Are you looking for the best equipment to take your cricket skills to the next level? A lot of people are in the market for cricket training equipment to use as part of their club cricket training or even just in their garden as they try and get better at hitting those sixes or bowling something resembling a decent delivery.
Cricket is one of those sports that does need a bit of equipment, and the costs can add up sometimes, but in this guide we’ve got some excellent gear to help you, no matter what sort of budget or ability level you’re working with.
Katchet KatchMax – £50 at Pro Direct Cricket
Keep in mind the fact that you need the original Katchet to get the most out of this, as it sits on top of it.
The KatchMax is a great way to give you or your friends some fielding practice. By bouncing the ball on it you can provide some variable and unpredictable bounce, perfect for practicing those infield catches or even letting the wicket keeper have a proper workout.
For a relatively small investment, this can allow you to set up some simple catching drills to improve the fielding of everyone on your team.
For those wondering, the Katchet (original) is around £55 and should be purchased first before you invest in the KatchMax.
Pop Up Cricket Net
Pop Up Cricket Net – £40 at Cricket Direct
A cricket net has a lot of uses, and this affordable model can pop up on demand, meaning you can easily carry it out to the park with you. At six feet wide (once popped up) it gives you a surprising amount of coverage. This makes it suitable for many different drills. For batters, it can cut down on a lot of fielding and ball retrieval. For bowlers, it can provide you with a way to stop the ball, as well as a rough area to aim your deliveries if you wish.
If you are the sort of person who wants a way to practice alone or with one other friend then this net could be a really useful piece of kit. It even comes with a convenient carry bag.
R66T Academy Ball Feeder
R66T Academy Ball Feeder – £100 at Pro Direct Cricket
It is worth mentioning that a ball feeder and a bowling machine aren’t really the same thing. This isn’t necessarily going to give you practice of hitting fast deliveries from the bowlers, but it is better to be able to practice your batting up against a moving ball. The R66T academy ball feeder lets you do exactly that.
The feeder pings balls up at a relatively gentle pace, and it is perfect for those beginner batters to start to get to grips with hitting balls coming towards them, graduating from hitting off a batting tee.
This is an affordable piece of kit, and it comes with eight practice balls too, further adding to the value. Not the best bowling machine, but a useful piece of practice equipment for aspiring cricketers.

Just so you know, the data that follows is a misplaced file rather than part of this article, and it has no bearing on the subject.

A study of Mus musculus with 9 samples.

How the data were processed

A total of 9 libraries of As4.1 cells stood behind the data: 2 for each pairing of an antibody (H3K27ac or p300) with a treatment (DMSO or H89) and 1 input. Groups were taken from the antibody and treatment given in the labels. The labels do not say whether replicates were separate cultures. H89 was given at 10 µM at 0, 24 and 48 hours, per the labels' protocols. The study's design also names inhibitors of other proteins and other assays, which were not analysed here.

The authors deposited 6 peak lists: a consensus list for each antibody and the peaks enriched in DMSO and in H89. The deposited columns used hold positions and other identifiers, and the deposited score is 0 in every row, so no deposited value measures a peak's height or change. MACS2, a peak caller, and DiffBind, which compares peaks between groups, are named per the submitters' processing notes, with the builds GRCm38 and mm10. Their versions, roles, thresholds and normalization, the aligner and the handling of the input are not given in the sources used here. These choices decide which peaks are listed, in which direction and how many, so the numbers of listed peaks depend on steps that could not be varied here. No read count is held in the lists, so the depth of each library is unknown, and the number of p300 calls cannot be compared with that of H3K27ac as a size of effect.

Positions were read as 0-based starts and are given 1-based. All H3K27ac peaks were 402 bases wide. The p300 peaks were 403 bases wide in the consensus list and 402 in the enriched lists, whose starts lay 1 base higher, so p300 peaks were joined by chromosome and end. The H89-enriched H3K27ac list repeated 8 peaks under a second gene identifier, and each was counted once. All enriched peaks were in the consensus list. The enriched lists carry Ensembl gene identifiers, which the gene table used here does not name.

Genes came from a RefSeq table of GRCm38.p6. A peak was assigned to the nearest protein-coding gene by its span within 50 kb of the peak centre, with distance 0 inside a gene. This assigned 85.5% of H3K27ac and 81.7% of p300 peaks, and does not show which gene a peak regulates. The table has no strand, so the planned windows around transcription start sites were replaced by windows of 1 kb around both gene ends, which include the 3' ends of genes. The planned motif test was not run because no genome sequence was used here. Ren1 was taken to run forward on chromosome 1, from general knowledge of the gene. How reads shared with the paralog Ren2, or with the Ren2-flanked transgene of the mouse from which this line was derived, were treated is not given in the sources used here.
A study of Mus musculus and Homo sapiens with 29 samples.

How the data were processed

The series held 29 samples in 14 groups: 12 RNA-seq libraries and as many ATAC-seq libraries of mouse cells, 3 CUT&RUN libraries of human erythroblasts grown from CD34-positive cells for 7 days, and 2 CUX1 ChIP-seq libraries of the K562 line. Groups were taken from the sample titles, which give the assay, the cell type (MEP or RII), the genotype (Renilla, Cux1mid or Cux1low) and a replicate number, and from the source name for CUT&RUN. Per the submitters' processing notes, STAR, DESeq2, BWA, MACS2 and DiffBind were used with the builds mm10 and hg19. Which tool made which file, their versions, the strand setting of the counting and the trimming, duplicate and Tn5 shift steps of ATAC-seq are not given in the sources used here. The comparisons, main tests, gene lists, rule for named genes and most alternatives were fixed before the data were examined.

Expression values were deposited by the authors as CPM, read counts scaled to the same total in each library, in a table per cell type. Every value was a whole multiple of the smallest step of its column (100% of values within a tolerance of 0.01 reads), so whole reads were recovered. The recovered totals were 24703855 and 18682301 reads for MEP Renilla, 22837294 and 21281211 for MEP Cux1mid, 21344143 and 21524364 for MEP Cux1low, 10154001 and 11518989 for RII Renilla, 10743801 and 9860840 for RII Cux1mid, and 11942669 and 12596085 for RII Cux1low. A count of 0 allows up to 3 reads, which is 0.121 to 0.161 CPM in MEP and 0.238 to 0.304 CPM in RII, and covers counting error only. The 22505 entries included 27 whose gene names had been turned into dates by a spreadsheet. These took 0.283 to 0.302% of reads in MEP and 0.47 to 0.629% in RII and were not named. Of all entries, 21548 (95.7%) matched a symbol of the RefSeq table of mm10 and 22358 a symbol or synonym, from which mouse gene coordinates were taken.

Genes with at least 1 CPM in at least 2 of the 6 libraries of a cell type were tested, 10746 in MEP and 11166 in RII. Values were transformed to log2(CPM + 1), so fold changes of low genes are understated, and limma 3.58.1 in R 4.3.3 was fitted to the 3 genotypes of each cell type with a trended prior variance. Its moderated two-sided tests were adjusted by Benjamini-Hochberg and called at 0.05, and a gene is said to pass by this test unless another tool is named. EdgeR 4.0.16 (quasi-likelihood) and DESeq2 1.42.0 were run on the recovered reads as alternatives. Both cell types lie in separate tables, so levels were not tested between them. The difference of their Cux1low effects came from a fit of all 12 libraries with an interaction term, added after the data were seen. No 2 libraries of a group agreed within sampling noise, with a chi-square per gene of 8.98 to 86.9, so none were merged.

Sidearm Elite Cricket Ball Thrower
Sidearm Elite Cricket Ball Thrower – £29 at Cricket Direct
The Sidearm thrower is designed to allow even the average cricketer be able to give throwdowns at a fast speed. It is easy to reach speeds in excess of 55mph without exerting yourself too much. This means that batters can practice hitting against quicker deliveries.
The ball thrower can be used with the majority of cricket balls and as well as being useful for batting exercises it can come in handy for some fielding drills, too.
It looks like those dog ball throwers, but it is made of some tough materials and actually shouldn’t be used with absolute beginners due to the ferocity it can launch balls with. For decent club cricketers, this is a useful piece of kit.
The Village Cricket Bat
The Village Cricket Bat – £97 at Village Cricket Co.
The Village Cricket Bat is the ideal piece of kit to keep in a village club’s bag or lockup and use in practice sessions. Not only is this a sturdy and reliable bat for use in matches on the weekend, it helps people with their training needs, and the fact that it is durable and affordable means it can be a reliable companion for years to come.
This is a 2lb 9oz cricket bat that is already knocked in and ready to use when it arrives, and it is designed for the low and slow bounce of English pitches, meaning if you middle it, the ball can really fly. Combine this with the R66T Academy Ball Feeder and a popup net and you have an affordable setup for practicing in the garden or local park.
Even for training sessions you need a reliable bat, and this is a way to buy exactly that without breaking the bank.
Ram Cricket Batting Bundle
Ram Cricket Batting Bundle – £189.81 at Ram Cricket
For coaches that need to get an affordable bundle to help their club to practice effectively, this could be the ideal solution.
It can be used for batting, bowling, and fielding practice and includes:
12 x 3 Star Multi-purpose Cricket Balls
6 x Wind Balls (Junior or Senior) (Standard or Wind Finger)
1 x Breathable Ball Bag
1 x Batting Tees (Pack of 5)
1 x Technique Bat (Sizes SH, 6 or 4)
1 x Flexi Base Stumps
1 x Sidearm – Club
This is enough kit to keep plenty of young cricketers practicing and working on training drills, and you even get a ball bag to keep things stored away neatly. This is the kind of basic equipment that every village cricket club needs.
Cricket training equipment is constantly evolving as companies find new ways to invent coaching aids, but the basics stay the same, and all of the gear on this list will come in very handy on those fundamental training sessions, both for juniors and for adults, and for training in big groups, small groups, or even on your own.